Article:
The American choral conductor and organist, Michael Korn, was born and raised in Harrisburg, Pennsylvania. He started picking out melodies on a toy piano when he was 3 1/2, and started piano lessons seriously at 6. There were no musicians in his family; an aunt's wedding inadvertently led to organ lessons. Fascinated, he began organ lessons at age 10 1/2. Three months later, he had his first church job, which he kept until he left Harrisburg at 18.
A recital Michael Korn gave in New York's St. Thomas Church in October 1965 landed him an invitation to appear with Leonard Bernstein on one of the conductor's televised Young People's Concerts. Leonard Bernstein's secretary liked the recital and called to ask if Korn knew the Francis Poulenc concerto. He did not, but he said he did, learned the piece and prepared it for the show. When the program was filmed, there was no room for the organ concerto. Leonard Bernstein called Korn to apologize that his segment had been dropped. The renowned conductor made it up to him the following year with a performance of a Bach fugue on a Young People's Concert. It aired in 1967, making Korn the first organist to appear on the celebrated show.
Michael Korn's gift as an organ virtuoso brought him to Philadelphia in 1966. He was 19 and followed his teacher, the eminent pedagogue Alexander McCurdy, from Westminster Choir College in Princeton, where Korn had been a scholarship student, to the Curtis Institute. Here, with McCurdy's blessing, he also studied opera and orchestral conducting and began conducting. The same year, 1966, he became organist and director of the First United Methodist Church.
While in that job, Micael Korn founded the Germantown Music Society. A few years later it went broke, but it served as a model for the Philadelphia Singers, the city's only all-professional chorus, which he would start four years later, in 1971. He was its Artistic Director and Conductor until hid death. He frequently worked with the Concerto Soloists (Chamber Orchestra of Philadelphia), which he last led at the Academy of Music on March 29, 1991 when, with Mozart's Requiem, Korn introduced the the Philadelphia Singers Chorale, a 130-member chorus, an extension of the Philadelphia Singers that performs with symphony orchestras.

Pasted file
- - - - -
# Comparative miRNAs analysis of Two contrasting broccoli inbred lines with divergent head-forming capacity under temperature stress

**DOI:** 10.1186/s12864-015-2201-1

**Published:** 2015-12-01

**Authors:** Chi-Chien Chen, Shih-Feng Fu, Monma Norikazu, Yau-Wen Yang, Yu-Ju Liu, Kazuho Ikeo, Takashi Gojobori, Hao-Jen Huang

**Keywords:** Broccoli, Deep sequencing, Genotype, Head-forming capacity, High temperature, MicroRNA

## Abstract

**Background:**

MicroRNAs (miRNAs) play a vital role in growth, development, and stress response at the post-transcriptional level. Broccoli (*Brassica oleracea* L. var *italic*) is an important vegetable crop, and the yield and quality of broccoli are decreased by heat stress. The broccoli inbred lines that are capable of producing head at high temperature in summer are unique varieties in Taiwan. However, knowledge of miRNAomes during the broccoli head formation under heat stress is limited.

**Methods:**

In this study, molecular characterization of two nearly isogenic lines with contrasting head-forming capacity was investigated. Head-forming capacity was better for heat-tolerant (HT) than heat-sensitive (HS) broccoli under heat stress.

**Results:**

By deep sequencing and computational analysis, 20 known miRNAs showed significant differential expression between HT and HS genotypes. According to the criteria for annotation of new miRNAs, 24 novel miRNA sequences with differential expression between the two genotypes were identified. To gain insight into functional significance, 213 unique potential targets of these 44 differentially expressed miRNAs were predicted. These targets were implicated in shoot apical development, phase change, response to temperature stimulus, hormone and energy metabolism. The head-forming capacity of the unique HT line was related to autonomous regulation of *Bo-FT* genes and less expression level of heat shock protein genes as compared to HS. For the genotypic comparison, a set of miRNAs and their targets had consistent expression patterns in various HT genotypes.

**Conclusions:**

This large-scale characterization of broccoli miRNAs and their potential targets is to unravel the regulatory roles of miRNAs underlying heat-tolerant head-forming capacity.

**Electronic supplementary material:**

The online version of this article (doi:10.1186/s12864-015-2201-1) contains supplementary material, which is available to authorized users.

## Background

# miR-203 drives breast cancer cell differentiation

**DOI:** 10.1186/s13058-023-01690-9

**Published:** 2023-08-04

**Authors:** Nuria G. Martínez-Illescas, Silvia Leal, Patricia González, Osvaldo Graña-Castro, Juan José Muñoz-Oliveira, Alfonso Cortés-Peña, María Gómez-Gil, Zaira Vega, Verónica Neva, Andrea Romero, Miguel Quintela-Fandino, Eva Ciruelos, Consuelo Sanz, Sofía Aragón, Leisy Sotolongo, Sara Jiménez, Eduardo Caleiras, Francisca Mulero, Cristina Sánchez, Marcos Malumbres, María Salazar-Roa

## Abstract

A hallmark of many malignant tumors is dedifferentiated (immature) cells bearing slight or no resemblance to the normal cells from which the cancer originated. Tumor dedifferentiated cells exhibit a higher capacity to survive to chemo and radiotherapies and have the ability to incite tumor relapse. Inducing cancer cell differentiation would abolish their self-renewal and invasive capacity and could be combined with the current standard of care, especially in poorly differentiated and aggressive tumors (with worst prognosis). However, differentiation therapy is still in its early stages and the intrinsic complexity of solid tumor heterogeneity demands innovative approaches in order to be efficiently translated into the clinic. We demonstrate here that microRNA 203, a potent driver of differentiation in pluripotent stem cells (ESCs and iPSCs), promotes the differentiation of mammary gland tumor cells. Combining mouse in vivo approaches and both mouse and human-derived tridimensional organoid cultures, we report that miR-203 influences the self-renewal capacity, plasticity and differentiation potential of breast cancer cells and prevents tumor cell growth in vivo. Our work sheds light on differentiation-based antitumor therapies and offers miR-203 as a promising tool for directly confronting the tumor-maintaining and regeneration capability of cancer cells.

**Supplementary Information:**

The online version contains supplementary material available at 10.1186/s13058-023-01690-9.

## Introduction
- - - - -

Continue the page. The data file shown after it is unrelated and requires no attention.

Besides his nationally regarded accomplishments with the Philadelphia Singers, Michael Korn had for decades been a key player with a number of the city's respected music institutions. These included the Bach Festival of Philadelphia, which he once ran and for which the Philadelphia Singers performed nearly all of J.S. Bach's masterworks and 200 cantatas. He also had a lifetime contract as associate conductor and chorus master of the Opera Company of Philadelphia, where he had conducted some productions. He one of the founders of Chorus America, a national service organization that raises money and provides services to professional and amateur choruses across the country, and served as its first President (1977-1985).
From bed in his Juniper Street home in Center City two weeks ago, Micael Korn spelled out the details of the Philadelphia Singers' next two seasons, which included guest appearances by such giants of choral music as Margaret Hillis, founder of the Chicago Symphony Chorus, and Robert Shaw, conductor emeritus of the Atlanta Symphony Orchestra and Chorus. Both were Korn's early mentors. He died of of complications from AIDS in Pennsylvania Hospital. He was 44 years old. He willed his scores, his collection of music books and his piano to the Curtis Institute. His would also provides for an endowed conducting chair for the Philadelphia Singers. Survivers are: his mother and his stepfather, Mary and Charles Noll, of West Palm Beach, Florida.